Apartment tour: Studio on the Upper East Side

Westchester couple Gabriela Miranda and Anthony Scovotti transformed their UES investment property into a mod, sophisticated party pad.

By Francesca Soroka
Commercial underwriter Gabriela Miranda and insurance professional Anthony Scovotti let us peek inside their Upper East Side pied-a-terre. They shop at home-design stores such as HomeGoods and Pier 1 Imports to find pieces that match their black, red and white color scheme and modern aesthetic.

Miranda loves this affordable furnishings store because she can shop online before visiting the showroom. “I did everything by Internet and e-mail,” she says. Just as conveniently, all of her furniture purchases were delivered fully assembled.

HomeGoods 795 Columbus Ave at 100th St (212-280-6303,
“It’s like being a kid in a candy store,” exclaims Miranda of shopping at the off-price chain. “There are so many unique things.” She favors the selection of decorative accessories, such as vases and throws.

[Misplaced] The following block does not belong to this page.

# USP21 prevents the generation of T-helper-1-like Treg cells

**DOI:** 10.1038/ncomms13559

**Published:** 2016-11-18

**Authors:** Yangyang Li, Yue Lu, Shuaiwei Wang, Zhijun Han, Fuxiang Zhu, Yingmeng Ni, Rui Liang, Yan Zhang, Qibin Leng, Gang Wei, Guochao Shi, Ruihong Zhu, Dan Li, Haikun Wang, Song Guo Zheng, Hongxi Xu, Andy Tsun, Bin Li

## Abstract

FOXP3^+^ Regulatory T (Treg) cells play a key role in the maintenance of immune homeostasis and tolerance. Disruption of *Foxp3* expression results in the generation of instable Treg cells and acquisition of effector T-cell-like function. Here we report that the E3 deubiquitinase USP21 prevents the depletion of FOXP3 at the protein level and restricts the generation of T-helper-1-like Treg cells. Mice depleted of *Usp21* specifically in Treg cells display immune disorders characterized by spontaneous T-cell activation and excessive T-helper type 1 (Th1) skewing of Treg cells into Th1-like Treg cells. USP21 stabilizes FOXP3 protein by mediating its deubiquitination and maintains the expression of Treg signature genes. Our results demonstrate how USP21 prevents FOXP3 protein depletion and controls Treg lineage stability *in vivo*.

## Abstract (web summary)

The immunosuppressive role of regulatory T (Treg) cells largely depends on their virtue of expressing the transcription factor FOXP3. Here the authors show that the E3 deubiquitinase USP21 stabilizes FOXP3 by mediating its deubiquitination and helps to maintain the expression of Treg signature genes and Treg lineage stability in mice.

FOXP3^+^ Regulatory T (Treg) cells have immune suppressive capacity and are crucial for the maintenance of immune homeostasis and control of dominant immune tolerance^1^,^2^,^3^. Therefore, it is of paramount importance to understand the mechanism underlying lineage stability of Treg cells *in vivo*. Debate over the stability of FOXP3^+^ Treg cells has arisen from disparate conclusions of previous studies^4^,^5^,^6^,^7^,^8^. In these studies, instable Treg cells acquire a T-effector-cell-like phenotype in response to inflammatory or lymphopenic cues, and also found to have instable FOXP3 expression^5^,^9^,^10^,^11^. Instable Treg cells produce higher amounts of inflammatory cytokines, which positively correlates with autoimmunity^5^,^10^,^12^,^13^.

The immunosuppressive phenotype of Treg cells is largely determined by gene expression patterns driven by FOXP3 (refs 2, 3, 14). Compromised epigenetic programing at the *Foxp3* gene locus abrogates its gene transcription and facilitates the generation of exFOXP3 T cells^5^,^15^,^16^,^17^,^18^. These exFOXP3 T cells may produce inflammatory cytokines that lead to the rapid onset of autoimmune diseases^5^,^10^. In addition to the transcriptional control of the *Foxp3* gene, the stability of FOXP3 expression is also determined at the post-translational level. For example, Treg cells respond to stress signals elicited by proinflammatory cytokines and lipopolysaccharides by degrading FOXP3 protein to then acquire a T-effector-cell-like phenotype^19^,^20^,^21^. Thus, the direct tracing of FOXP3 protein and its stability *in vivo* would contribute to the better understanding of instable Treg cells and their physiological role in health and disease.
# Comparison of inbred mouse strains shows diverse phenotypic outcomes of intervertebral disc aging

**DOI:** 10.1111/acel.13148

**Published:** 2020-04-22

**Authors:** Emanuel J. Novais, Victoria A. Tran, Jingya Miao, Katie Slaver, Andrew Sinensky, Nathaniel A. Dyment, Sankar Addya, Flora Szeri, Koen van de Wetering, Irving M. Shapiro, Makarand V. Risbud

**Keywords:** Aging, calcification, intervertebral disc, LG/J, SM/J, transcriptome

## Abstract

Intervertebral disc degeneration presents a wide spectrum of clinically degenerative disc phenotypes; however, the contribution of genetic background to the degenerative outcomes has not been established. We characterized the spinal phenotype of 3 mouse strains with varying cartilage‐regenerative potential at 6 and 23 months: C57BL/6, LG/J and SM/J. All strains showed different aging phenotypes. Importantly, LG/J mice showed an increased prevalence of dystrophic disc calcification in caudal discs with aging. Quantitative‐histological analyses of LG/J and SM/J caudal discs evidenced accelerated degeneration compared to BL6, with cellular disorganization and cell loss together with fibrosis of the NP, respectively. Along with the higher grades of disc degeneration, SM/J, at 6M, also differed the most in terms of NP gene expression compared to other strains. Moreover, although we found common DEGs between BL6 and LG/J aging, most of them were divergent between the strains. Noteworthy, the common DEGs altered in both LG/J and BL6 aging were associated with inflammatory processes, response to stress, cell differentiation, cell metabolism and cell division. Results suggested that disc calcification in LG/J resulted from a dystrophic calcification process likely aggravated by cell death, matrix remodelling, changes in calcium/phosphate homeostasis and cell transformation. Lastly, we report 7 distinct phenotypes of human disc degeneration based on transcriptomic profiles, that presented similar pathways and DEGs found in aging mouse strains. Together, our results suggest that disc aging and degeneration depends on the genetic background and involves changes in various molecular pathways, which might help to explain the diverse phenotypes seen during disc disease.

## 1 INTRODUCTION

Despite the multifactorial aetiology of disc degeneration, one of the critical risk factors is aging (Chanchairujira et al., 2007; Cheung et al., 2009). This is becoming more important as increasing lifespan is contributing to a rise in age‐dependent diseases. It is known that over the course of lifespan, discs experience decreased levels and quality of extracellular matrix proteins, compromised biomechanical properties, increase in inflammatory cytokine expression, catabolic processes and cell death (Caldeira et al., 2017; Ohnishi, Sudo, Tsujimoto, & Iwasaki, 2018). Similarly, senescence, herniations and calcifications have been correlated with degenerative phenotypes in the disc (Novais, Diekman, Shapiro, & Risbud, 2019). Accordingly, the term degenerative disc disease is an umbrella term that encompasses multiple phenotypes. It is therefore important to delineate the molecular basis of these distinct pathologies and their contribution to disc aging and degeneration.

Pier 1 Imports Locations throughout the city; visit
Miranda and Scovotti find bright accessories for their studio at this chain. “Everything is so colorful when you walk in,” says Miranda. The stock is replenished often enough to keep up with her decorating whims.

Vedovato Brothers Inc. 245 E 115th St between Second and Third Aves (212-534-2854,
This Manhattan showroom is partners with Westchester Marble & Tile, where the couple sourced their red quartz kitchen and aqua-glass bathroom tiles. “There are so many beautiful options, it’s hard to narrow it down,” enthuses Miranda, who praises the company’s helpful staff.